The Problem of Tribalism in Society and the Adventist Church in Africa
By Tysan, May 29, 2017: Tribalism in society, politics and economics has been a significant challenge that Kenya has faced and still faces. And this virus has entered into the Adventist Church. It raises its ugly head when a Luos congregation will not cooperate with a Kikuyu district pastor and vice versa. And it circulates to all other tribes.
People seem to have forgotten what happened in Rwanda in 1994 and how tribalism played a role in that horror. On a smaller scale, something similar happened in Kenya in 2007-2008.
Tanzania has been known as the most peaceful country in the region, but events can get people living with their eyes open, wondering what might happen. Tanzania has the blessing of more than 128 tribes and they have been living together peacefully. That is due to the vital role played by the late first president of Tanzania, His Excellence Julias K. Nyerere.
Despite the peaceful environment, Tanzania cannot deny that there have been some elements of tribalism, but they are always caught by surprise when the virus spreads and makes itself home in the Adventist Church. In some local churches you will hear murmuring, mocking leaders when it happens that most of the ranking officers in the local churches are from one tribe. People forget that church leaders are chosen by God and they are there to lead people to an experience with God.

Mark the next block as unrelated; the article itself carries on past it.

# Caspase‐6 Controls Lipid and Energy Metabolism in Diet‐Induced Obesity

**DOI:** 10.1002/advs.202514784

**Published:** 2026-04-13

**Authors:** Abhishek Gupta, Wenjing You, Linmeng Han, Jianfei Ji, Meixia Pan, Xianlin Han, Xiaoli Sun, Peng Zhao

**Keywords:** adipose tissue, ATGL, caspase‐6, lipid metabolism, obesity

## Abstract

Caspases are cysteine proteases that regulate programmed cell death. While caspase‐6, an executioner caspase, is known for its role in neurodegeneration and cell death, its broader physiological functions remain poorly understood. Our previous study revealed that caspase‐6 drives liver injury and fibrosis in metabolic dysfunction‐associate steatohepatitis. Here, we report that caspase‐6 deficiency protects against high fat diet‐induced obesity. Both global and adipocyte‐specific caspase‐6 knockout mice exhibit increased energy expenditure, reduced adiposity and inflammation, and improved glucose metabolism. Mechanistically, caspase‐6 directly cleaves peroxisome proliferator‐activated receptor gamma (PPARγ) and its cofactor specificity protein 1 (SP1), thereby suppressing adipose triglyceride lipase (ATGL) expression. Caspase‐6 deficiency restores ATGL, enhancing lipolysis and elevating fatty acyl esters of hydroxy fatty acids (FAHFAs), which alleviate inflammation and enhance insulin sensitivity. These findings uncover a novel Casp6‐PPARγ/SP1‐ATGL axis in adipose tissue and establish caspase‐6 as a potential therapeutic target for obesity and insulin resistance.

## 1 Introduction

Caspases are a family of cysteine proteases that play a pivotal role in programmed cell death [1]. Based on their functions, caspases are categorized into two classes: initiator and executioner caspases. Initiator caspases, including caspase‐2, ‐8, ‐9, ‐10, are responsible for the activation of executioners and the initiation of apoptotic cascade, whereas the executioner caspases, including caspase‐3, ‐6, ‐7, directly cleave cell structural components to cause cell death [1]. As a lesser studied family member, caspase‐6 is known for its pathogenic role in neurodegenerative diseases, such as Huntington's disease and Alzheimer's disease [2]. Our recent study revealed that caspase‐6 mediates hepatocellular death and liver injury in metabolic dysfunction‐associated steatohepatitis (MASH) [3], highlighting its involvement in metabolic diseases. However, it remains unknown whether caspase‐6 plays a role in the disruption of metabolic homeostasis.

What do leaders do to arouse members’ feelings against them? Or, is the reality that the virus of tribalism has affected us to such an extent that we have lost focus on our mission? And if tribalism is a real problem why does the nominating committee choose to nominate a group of leaders who are all from the same tribe? The committee should take into consideration that somehow we are not all the same in our perceptions and it might be a problem.
It is a reality that sometimes a church board member may refuse to cooperate with a church member because they are of different tribes, saying something like, “Ask your tribemate to help you with that.” Attitudes about this kind of behavior differ from country to country within the church. In one country it would not be a problem but in another country it is a serious thing that needs to be counteracted early before it becomes too big to handle.
There is a need for teaching, prayer and discussion that reminds us where we came from in terms of God’s creation and where we are headed in terms of God’s Kingdom. These should focus on being one in Christ so that idea is born again daily in our minds. In the end we will have to give an account of our attitudes and behavior in this matter.
The tribalism virus can be traced back to the colonial era in Africa when colonial bureaucrats used the divide-and-rule method to create an environment that would make Africans hate themselves, feel inferior and loose the unity and communication that could lead to rebellion against colonial interests. That history has left deep habits of mind with rival perceptions that continue today.
Despite the problem of tribalism there are a growing number of Africans who have begun to turn their back on this kind of thinking. Education has helped, and there are simply many Africans who have really accepted Jesus as the Lord of their lives and think differently. It is not a matter of accepting an American or European view, but simply following in the footsteps of Jesus.
Tysan is a correspondent for Adventist Today based in Africa.